Last March, the Ontario Court of Appeal provided guidance on the proper territorial sphere of the Ontario Securities Act, holding that an issuer whose securities are not publicly traded in Canada can be subject to a statutory cause of action by purchasers in the Canadian secondary market. This landmark decision accords the objectives of the Securities Act as well as the reasonable expectations of Ontario residents who purchase securities in Ontario. It also sends a strong message to issuers operating in the province that they cannot avoid liability in this province by listing their securities abroad.
This proposed class action, Abdula v. Canadian Solar Corp., arose out of alleged misrepresentations contained in press releases, financial statements, and an annual report released by Canadian Solar Inc. in Ontario. Tajdin Abdula, the proposed representative plaintiff, alleged that Canadian Solar materially overstated its financial results. Canadian Solar’s shares are not publicly traded in Canada — they are traded over the American NASDAQ exchange. At issue was whether Canadian Solar could be subject to a statutory cause of action by purchasers in the secondary market for a misrepresentation in the issuer’s disclosure pursuant to s. 138.3 of the Ontario Securities Act, even though its securities were not publicly traded in Canada.
Part XXIII.1 of the act, “Civil Liability for Secondary Market Disclosure,” was enacted Dec. 31, 2005. The statutory cause of action created by s. 138.3 gives investors in secondary markets a right of action against a “responsible issuer” for misrepresentations released in documents or contained in public oral statements. A “responsible issuer” is defined in s. 138.1 of the act as (a) a “reporting issuer,” or (b) “any other issuer with a real and substantial connection to Ontario, any securities of which are publicly traded.”
Canadian Solar did not fall within part (a) of the definition, since it was not a reporting issuer within the province of Ontario, and accordingly, was not required to file the documents containing the alleged misrepresentation with the Ontario Securities Commission.
Canadian Solar is engaged in the design, development, manufacture, and sale of solar cell and solar module products. Its shares are traded abroad and its principle place of business is in China, where the majority of its senior executive officers live and manufacturing operations occur. Neither its chief executive officer or its chief financial officer reside in Canada, and neither of them resided in China during the period when the alleged misrepresentations were said to have made. Furthermore, Canadian Solar was only required to file the documents containing the alleged misrepresentations with the U.S. Securities Exchange Commission, not the OSC.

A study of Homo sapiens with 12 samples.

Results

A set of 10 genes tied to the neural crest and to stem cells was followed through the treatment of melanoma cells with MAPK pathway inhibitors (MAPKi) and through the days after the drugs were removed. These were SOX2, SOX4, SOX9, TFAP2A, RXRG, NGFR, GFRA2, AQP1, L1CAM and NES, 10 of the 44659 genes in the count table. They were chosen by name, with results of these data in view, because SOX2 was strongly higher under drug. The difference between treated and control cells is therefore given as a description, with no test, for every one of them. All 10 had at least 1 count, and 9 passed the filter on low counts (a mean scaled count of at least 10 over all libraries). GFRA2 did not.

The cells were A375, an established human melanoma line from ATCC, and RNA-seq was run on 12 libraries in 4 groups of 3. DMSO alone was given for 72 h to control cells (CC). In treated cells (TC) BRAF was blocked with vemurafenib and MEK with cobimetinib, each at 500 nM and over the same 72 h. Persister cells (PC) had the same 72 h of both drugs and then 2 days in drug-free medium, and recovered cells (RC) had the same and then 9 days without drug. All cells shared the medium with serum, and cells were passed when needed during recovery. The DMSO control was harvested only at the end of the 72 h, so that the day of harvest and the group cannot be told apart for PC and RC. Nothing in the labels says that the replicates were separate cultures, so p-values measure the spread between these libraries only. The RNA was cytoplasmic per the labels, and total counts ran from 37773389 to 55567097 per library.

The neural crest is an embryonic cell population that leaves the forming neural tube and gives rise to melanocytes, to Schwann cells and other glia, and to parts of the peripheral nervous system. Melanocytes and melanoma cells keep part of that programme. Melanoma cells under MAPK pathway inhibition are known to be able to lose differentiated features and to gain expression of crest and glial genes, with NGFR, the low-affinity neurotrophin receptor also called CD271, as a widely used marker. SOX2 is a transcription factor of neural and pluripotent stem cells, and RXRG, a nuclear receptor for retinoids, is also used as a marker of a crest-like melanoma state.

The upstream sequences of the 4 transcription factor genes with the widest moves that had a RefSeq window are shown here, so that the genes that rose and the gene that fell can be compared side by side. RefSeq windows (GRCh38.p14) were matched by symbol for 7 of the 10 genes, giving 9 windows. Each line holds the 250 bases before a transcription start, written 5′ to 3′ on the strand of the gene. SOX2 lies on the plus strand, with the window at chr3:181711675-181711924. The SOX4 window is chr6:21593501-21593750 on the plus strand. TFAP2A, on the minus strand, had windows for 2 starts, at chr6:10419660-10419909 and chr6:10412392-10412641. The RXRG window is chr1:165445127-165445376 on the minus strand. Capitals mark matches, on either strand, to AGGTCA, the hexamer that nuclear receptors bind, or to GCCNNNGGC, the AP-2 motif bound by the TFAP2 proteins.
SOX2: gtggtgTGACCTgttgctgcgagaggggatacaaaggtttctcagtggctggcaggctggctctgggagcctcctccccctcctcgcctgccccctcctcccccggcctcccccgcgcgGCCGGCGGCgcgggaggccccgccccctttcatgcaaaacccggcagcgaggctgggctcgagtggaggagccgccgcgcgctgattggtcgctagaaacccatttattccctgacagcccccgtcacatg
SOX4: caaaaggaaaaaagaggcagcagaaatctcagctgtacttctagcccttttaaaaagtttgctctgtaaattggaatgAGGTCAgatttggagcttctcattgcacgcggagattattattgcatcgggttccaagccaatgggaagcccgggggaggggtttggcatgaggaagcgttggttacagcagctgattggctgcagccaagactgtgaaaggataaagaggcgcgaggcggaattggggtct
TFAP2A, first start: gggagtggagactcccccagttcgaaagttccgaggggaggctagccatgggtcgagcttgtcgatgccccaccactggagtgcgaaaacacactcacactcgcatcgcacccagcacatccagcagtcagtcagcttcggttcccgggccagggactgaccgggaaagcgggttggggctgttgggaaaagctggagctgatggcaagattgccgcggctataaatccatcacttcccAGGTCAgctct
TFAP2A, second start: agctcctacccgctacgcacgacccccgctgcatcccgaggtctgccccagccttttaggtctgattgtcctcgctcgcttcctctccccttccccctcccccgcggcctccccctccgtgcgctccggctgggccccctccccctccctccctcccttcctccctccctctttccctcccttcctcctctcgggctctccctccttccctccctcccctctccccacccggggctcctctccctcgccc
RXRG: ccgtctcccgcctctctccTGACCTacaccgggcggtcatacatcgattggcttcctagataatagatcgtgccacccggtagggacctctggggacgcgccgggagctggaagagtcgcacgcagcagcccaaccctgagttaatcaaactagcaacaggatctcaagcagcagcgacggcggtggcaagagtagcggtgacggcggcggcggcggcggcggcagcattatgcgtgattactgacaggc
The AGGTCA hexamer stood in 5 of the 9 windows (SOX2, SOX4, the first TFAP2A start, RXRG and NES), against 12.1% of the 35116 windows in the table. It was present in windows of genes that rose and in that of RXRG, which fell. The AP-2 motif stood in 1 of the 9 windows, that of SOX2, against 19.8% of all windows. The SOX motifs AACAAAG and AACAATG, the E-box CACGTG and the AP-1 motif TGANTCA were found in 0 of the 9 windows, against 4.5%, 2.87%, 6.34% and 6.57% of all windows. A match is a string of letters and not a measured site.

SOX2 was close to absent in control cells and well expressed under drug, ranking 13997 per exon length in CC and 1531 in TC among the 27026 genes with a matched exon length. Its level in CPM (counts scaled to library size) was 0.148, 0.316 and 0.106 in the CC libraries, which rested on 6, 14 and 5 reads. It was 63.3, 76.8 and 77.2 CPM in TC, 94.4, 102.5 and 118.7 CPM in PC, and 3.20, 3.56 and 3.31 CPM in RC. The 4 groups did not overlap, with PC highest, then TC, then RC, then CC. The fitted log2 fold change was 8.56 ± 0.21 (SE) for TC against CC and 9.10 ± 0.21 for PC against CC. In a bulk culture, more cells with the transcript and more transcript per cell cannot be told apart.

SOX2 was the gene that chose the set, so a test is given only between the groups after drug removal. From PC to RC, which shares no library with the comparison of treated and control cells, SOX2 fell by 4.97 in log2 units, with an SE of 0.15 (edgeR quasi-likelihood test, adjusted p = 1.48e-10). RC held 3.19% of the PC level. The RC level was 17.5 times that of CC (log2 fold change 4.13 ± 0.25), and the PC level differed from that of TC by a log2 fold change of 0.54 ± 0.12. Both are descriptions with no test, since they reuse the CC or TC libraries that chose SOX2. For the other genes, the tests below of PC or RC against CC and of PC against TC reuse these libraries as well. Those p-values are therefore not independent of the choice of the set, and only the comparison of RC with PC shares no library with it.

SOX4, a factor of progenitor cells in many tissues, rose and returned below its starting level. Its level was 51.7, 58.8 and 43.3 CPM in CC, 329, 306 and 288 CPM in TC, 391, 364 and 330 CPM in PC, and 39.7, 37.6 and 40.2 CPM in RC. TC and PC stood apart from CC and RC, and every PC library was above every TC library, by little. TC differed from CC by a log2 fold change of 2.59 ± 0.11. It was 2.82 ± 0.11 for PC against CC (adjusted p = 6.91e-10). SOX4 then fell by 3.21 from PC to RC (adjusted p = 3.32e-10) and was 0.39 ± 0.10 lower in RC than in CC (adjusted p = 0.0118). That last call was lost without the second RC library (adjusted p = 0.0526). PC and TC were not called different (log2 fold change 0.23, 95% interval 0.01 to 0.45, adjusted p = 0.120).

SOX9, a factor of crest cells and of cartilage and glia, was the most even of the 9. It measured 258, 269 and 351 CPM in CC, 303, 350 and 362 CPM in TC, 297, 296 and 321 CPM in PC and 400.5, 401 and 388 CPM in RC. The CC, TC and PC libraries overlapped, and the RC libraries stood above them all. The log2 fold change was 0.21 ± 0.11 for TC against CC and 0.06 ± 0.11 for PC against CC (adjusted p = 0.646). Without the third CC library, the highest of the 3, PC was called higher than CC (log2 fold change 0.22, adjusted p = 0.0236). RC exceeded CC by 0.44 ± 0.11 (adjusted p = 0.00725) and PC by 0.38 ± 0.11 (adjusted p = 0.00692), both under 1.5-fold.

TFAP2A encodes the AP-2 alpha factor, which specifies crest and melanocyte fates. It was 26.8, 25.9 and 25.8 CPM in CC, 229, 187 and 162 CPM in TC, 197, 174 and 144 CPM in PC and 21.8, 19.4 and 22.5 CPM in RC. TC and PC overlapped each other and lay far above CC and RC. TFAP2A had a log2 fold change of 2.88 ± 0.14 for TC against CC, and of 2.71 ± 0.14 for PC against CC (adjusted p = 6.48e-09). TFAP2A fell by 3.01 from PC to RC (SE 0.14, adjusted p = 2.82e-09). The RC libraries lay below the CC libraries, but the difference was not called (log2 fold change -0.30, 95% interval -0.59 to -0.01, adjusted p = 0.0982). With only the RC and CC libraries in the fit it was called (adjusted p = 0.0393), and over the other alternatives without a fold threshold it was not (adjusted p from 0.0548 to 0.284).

However, Canadian Solar is a CBCA corporation with its registered office, its principal executive office, and business operations located in Ontario, and at least some of Canadian Solar’s secondary market disclosure emanated from Ontario.
The question the Court of Appeal sought to determine was whether Canadian Solar had a “clear and substantial connection to Ontario.” Justice Alexandra Hoy, for the Court of Appeal, found these factors constituted a sufficient connection between Ontario and Canadian Solar within the meaning of a “responsible issuer” in s. 138.1(b) to potentially subject Canadian Solar to a statutory cause of action pursuant to Part XXIII.1 of the act.
This decision is consistent with the stated objectives the Securities Act as a whole, and Part XXIII.1 specifically. One purpose of the act is to provide protection to investors from unfair, improper, or fraudulent practices. The act also has the purpose of fostering fair and efficient capital markets, and confidence in capital markets.
One of the purposes of Part XXIII.1 is to provide compensation to injured investors. As an Ontario investor who alleges that he suffered damages as a result of a misrepresentation in documents released in Ontario, Abdula would reasonably expect that his claim for misrepresentations would be determined by an Ontario court. These objectives do not support restricting the application of civil liability for secondary market disclosure to those issuers whose securities are publicly traded in Canada.
By not applying a bright-line test to the question of the act’s jurisdictional reach, this decision puts foreign-listed Ontario operated issuers on notice that they may not be able to avoid liability to secondary market purchases in this province for misrepresentations in their disclosure. Where the courts eventually draw the line, however, awaits another day.